Jordan hailed prime destination for Middle Eastern tooth tourism

GCC dentists are pricing their patients out of the market and driving dental tourism to neighbouring Jordan, the country's dentists have said.
Jordan hailed prime destination for Middle Eastern tooth tourism
By Administrator
Mon 03 Dec 2007 04:00 AM

GCC dentists are pricing their patients out of the market and driving dental tourism to neighbouring Jordan, the country's dentists have said.

Practices have documented rising numbers of GCC residents who are opting to travel for dentistry, rather than fork out for higher priced cosmetic treatments at home.

Dr Munir Amro, director of the Esthetic Dental Center in Jordan, believes patients are lured by the combination of cut-price procedures and high quality. "We have noticed that people come from the Gulf or the States, they book online and they think they are getting the best treatment and the best price, so it's two in one," he said. "Here, we have good quality materials and personnel, as well as good prices."

Dentist Shafiq Al Shaadi of The Speciality Hospital, Jordan, believes that price is not the determining factor behind Jordan's growing reputation. Even insured patients, who are not funding treatment, select local practices as their providers of choice, he claimed, suggesting that residents are struggling to source quality care at home.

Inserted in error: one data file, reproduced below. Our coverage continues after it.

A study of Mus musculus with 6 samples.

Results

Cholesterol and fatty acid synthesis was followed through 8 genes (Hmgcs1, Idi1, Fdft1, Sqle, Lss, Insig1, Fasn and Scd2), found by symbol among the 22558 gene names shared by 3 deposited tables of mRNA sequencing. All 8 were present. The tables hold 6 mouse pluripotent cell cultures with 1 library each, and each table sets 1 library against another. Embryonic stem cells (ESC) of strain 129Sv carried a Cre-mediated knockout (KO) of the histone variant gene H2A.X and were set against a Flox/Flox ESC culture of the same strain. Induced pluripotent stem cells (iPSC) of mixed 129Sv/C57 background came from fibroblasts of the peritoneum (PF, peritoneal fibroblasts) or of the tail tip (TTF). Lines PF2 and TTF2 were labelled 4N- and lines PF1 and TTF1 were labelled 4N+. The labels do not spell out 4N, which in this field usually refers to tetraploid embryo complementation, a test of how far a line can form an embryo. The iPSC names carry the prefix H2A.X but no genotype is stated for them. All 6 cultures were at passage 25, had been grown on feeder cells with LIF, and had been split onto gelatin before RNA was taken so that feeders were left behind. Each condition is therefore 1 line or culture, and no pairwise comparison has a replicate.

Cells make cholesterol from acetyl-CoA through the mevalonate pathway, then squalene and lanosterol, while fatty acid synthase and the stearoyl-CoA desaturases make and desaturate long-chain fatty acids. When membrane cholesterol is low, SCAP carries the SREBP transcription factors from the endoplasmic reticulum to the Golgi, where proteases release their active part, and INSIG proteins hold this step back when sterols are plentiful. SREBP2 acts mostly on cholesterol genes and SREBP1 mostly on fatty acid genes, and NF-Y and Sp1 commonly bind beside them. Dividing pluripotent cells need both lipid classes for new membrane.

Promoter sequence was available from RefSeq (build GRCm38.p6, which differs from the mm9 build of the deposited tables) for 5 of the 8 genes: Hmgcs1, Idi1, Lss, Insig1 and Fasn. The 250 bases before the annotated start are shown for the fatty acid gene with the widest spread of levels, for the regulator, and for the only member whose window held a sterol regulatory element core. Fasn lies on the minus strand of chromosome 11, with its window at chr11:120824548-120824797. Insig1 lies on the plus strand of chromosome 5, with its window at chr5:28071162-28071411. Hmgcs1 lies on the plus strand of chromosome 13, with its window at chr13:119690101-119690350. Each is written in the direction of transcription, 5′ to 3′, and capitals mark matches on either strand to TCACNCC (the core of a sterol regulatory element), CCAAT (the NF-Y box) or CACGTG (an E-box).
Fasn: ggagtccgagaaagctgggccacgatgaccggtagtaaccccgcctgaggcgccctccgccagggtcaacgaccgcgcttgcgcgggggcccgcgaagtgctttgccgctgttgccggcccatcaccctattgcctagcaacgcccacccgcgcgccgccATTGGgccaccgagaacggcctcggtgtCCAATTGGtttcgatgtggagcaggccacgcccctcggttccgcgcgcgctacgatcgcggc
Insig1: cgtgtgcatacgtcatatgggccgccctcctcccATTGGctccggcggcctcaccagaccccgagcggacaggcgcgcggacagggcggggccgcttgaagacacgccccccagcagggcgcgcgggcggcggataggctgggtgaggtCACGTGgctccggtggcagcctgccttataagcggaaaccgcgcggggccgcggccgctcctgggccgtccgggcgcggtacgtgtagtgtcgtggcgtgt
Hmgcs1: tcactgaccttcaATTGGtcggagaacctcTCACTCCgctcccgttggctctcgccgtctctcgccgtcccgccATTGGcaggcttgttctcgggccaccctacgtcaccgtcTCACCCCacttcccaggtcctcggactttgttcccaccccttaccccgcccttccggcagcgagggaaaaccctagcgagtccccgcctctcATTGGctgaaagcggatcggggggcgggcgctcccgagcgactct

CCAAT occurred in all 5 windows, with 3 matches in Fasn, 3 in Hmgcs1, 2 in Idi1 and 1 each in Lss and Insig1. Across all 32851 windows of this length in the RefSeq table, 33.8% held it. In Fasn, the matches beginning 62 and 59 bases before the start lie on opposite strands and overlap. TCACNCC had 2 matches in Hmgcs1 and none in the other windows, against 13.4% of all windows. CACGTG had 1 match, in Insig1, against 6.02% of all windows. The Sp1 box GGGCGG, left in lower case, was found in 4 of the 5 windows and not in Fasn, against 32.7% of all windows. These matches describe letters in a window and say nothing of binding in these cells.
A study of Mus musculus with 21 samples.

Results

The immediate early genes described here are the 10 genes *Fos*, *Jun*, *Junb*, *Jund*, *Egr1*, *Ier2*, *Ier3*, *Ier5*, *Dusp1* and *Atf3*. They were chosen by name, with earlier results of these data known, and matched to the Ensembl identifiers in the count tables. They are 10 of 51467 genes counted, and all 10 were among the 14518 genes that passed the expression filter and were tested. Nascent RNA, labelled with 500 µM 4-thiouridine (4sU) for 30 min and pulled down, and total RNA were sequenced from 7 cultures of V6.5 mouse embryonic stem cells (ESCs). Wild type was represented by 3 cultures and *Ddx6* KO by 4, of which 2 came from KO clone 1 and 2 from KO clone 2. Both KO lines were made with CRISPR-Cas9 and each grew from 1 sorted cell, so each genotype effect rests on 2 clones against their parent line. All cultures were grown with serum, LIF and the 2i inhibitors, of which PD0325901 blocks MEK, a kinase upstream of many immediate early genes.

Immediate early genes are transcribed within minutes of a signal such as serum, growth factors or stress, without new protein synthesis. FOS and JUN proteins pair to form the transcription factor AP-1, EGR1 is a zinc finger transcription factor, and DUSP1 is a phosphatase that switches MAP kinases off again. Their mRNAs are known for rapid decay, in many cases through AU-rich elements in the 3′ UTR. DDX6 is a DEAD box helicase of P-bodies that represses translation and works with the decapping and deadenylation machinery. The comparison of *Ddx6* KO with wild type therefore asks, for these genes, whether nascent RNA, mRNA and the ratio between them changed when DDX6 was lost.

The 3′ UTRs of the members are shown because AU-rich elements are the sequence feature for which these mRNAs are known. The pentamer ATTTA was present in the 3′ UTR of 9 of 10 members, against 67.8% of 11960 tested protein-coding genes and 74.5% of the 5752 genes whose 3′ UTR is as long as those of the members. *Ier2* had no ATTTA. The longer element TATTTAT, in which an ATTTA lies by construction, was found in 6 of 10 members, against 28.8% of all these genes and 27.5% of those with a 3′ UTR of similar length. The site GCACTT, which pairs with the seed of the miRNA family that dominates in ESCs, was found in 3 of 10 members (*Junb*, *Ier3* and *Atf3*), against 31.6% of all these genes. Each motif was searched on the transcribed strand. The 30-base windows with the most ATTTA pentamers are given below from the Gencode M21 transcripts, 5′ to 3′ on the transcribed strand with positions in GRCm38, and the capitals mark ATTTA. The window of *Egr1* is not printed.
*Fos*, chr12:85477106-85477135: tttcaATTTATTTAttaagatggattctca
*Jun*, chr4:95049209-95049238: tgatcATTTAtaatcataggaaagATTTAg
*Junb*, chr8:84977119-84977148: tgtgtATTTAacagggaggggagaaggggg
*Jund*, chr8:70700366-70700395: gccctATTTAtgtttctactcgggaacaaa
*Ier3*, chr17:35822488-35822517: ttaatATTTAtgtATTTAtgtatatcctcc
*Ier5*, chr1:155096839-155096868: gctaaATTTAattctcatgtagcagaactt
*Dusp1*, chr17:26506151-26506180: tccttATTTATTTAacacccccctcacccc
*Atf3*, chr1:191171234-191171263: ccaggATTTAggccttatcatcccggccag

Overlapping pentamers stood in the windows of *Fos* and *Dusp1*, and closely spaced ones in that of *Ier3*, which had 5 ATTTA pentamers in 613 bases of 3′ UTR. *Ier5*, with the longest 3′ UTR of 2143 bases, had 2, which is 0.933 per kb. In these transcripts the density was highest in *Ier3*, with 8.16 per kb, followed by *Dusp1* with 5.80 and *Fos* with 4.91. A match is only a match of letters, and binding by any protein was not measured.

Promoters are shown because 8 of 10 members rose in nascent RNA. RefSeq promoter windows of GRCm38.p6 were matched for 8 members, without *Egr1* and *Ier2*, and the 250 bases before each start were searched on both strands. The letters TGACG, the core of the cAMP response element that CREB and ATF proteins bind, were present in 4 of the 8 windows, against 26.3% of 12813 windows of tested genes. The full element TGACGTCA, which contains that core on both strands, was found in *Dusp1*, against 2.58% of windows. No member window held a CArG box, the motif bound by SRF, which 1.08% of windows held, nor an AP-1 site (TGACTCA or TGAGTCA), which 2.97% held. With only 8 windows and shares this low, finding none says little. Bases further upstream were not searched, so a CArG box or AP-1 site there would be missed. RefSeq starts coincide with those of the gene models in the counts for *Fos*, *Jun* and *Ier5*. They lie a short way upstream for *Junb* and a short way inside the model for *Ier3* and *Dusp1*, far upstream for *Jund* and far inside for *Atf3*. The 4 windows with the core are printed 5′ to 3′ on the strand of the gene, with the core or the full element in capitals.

"I don't think it is a price issue. When the patient comes from the Emirates - or any other country in the GCC for that matter - the insurance usually covers Jordan. Insurance companies tend to agree [to cover the treatment], no problem."

Dubai dentist Katherine Trelles, of Villa Fortuny clinic, admits the emirate's dentistry is pricier than in Jordan, but states she has been "unimpressed" by the quality of work she has seen from dentists there. Pointing to the cost of travel and follow-up visits, she argues that local practices still offer a better deal to Dubai-based patients.

"First of all, if there is any problem, it's a hassle to go back to that country. We have to rectify those problems and it's not fair on us either, because we're given the job almost done and we have to rectify it," she said. "You have better quality of dentistry here than in Jordan."

Amro, however, refutes claims that Jordanian dentistry is not on par with neighbouring countries. "[Patients] find the best educated dentists here and they find the best treatment here," he insisted. "We have a lot of people with Master's degrees in dentistry here, more than other countries in the Middle East."